Diabetes at 11, blind at 27: My heck-care health scare story

SINGAPORE - She never knew she had diabetes until she turned 11.

"I often suffered giddiness and fainted several times in the bathroom," said Ms Patricia Chua, now 30.

"It was only when my mother discovered ants on the toilet seat after I'd urinated that I was taken to the doctor's where I was diagnosed."

Her mother was then already diabetic and later died of complications from the disease.

Ms Chua, a former administrative officer, did not manage her condition when she was in her teens and early 20s. Today, Ms Chua is blind.

"Now I only see lights and shadows," she told The New Paper.

How could this have happened?

Said Khoo Teck Puat hospital endocrinologist Tan Hwee Huan: "Many of the complications of diabetes don't show up until after many years of the disease.

"They usually develop silently and gradually over time, even when diabetic patients do not have any signs of complications. "That's why diabetes is known as the silent killer."

About 10 per cent of adult Singaporeans have diabetes and recent reports say that diabetes is the main cause of kidney failure here, accounting for more than 60 per cent of cases.

Doctors say the number of diabetics getting kidney failure has doubled from 246 cases in 1999 to 598 last year.

They expect more patients to be hit with kidney failure because of the significant rise in the number of diabetics, from 8.2 per cent of adults in 2004 to 11.3 per cent in 2010, the most recent year with available data. In Ms Chua's case, her eyes failed.

"Until 14, my mother supervised my medication intake, making sure I had my insulin injections on time and that I ate healthily.

"But when I turned 14, she thought I was big enough to take care of my own health," Ms Chua said.

That was when everything started going downhill.

"While my friends were eating ice cream, enjoying fried rice and drinking soft drinks, I couldn't. Rather, I was not supposed to," she said.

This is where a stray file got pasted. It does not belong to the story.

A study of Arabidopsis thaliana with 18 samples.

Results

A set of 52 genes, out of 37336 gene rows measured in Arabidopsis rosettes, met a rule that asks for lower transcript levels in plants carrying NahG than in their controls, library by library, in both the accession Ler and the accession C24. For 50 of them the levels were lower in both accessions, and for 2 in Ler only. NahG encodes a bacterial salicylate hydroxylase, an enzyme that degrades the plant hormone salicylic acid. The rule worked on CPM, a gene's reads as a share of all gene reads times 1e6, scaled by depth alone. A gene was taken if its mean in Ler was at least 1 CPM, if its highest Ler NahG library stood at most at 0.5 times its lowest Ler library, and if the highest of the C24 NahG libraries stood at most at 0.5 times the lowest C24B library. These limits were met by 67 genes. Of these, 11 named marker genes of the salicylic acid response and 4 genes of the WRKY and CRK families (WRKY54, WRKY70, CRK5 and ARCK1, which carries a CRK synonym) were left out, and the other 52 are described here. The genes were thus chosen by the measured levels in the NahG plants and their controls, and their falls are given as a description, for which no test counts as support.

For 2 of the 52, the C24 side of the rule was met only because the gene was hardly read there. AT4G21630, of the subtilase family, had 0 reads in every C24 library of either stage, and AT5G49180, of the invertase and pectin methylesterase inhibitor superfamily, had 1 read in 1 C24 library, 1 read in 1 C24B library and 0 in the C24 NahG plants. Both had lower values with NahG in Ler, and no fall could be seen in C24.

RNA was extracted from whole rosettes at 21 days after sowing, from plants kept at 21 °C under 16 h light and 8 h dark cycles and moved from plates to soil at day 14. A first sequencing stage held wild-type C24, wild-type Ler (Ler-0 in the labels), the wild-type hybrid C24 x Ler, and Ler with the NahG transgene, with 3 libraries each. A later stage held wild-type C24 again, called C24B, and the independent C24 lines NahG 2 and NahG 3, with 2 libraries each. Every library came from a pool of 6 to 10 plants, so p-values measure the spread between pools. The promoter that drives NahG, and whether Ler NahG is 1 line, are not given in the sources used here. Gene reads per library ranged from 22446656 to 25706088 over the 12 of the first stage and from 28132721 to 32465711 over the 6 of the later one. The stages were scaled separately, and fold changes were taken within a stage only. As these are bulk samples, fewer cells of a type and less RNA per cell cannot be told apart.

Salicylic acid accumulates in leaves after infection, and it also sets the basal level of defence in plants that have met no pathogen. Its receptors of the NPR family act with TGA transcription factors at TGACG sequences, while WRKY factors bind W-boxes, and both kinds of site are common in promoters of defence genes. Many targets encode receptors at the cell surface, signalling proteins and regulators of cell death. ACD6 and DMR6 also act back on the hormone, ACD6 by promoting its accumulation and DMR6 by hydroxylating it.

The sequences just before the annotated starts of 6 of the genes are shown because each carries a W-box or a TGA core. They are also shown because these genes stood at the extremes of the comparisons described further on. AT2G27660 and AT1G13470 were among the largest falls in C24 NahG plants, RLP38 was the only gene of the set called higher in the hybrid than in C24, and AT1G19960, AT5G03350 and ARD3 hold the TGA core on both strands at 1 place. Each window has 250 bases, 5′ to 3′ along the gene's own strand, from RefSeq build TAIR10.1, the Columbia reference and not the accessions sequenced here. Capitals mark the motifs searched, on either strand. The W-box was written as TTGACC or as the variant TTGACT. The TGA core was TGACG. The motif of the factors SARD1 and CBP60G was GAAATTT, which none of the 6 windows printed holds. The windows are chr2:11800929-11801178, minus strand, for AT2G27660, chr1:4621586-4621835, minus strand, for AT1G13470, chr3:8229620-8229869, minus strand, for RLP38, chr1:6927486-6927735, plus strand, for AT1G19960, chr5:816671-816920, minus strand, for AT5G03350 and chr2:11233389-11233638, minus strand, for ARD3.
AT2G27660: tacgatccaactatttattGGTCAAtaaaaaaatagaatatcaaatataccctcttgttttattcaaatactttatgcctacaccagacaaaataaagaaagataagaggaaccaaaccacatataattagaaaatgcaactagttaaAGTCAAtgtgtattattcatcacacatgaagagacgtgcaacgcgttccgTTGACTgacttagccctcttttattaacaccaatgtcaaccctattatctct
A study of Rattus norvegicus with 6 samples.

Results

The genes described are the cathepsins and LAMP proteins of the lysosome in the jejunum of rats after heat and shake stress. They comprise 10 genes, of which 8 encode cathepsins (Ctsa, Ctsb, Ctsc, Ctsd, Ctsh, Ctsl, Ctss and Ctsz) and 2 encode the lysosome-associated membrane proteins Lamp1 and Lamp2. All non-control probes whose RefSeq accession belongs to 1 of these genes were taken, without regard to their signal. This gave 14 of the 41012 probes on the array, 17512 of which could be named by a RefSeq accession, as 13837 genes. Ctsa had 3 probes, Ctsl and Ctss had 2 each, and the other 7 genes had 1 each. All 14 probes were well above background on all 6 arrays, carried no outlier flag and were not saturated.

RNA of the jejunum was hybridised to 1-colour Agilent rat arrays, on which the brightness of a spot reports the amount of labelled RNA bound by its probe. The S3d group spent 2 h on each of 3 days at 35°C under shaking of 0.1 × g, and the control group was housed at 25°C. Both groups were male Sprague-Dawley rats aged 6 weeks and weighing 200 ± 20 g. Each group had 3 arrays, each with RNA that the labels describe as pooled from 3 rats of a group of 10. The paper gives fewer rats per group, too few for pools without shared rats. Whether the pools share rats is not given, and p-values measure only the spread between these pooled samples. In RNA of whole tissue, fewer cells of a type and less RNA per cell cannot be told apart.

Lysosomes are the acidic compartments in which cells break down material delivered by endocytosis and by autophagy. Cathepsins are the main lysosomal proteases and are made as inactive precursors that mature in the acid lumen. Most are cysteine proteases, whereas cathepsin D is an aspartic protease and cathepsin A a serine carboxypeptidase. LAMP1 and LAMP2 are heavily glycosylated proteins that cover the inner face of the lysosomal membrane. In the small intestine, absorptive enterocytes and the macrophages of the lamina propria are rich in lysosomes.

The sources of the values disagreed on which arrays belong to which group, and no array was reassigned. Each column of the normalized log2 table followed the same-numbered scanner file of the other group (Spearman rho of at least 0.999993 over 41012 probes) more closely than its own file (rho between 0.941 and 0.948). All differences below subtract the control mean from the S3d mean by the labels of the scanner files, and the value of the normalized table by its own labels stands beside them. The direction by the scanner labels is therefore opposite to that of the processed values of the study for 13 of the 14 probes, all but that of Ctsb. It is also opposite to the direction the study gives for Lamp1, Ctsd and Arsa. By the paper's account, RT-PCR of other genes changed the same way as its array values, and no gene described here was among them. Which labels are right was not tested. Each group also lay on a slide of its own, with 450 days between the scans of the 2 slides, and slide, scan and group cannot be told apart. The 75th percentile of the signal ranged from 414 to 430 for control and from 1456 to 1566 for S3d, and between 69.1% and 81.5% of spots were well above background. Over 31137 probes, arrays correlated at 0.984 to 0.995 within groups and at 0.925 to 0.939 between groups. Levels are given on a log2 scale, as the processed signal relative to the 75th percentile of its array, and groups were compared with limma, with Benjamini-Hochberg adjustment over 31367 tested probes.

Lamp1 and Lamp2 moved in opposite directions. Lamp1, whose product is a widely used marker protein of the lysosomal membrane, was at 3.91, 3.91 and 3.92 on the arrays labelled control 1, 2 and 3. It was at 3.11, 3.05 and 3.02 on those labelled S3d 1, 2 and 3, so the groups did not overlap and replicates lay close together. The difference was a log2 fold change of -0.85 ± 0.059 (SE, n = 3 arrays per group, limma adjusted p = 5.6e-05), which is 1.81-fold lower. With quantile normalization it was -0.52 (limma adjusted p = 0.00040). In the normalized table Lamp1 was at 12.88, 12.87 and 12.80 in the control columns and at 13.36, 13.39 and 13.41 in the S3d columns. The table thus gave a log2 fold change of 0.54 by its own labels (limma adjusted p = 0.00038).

"I was filled with angst, angry that I had this disease and had to watch my diet. After all, I wasn't feeling sick," she added.

Feeling "fine", Ms Chua threw caution to the wind and ate whatever she wanted. Also, she did not have her insulin injections regularly. She even cheated when her doctor gave her a table to chart her daily blood glucose levels.



"I would usually write a lower single digit number but the levels taken at Dr Tan's clinic did not reflect the table," she said, adding that there were times the levels went up three times the normal fasting target of 70 to 100 milligrams per deciliter.

"There were times I would eat a big bag of potato chips a day and drink two bottles of sweetened mint tea," she said.

Then three years ago, not only did Ms Chua lose her mother, then 49, to complications from diabetes, she also lost her sight.

"The heightened levels of blood glucose damaged the blood vessels in her eyes, causing them to thicken and also produce new vessels that are fragile," Dr Tan said.

Added Ms Chua: "I had detachment of the retina and also glaucoma. I underwent eight operations to prevent my eyesight from getting worse, but now I can see only light and shadows."

Today, Ms Chua moves about with a white cane and the help of her maid. She also attends courses at the Singapore Association of the Visually Handicapped to learn how to cope with her blindness.

"I hope my story will help others, especially young people living with diabetes, to realise they have to take care of their condition, lest they end up like me," she said.

What is diabetes?

What is diabetes?

Diabetes mellitus is a condition where the body fails to use blood glucose or blood sugar properly.

This is either because the body is not producing enough insulin, or because the body's cells do not respond properly to insulin, or both. There are three types of diabetes:


The pancreas produces little or no insulin.

Its onset is usually sudden and the symptoms include increased urination, thirst or dry mouth, hunger, weight loss despite normal or increased eating, blurred vision, frequent or continuous infections and tingling or pain in the hands, feet or both.


Also known as adult onset diabetes, it occurs when the body either resists the effects of insulin or does not produce enough insulin to maintain a normal blood sugar level.

Its symptoms are similar to Type 1 diabetes.

About 80 per cent of people with type 2 diabetes are overweight. Some people may be able to control their type 2 diabetes symptoms by losing weight, following a healthy diet or doing plenty of exercise.


This type affects expectant mothers and diagnosis is usually made during pregnancy.

While the majority of gestational diabetes patients can control their diabetes with exercise and diet, about 10 to 20 per cent will need medication to do so.

Undiagnosed or uncontrolled gestational diabetes can raise the risk of complications during childbirth. Babies may be bigger than normal.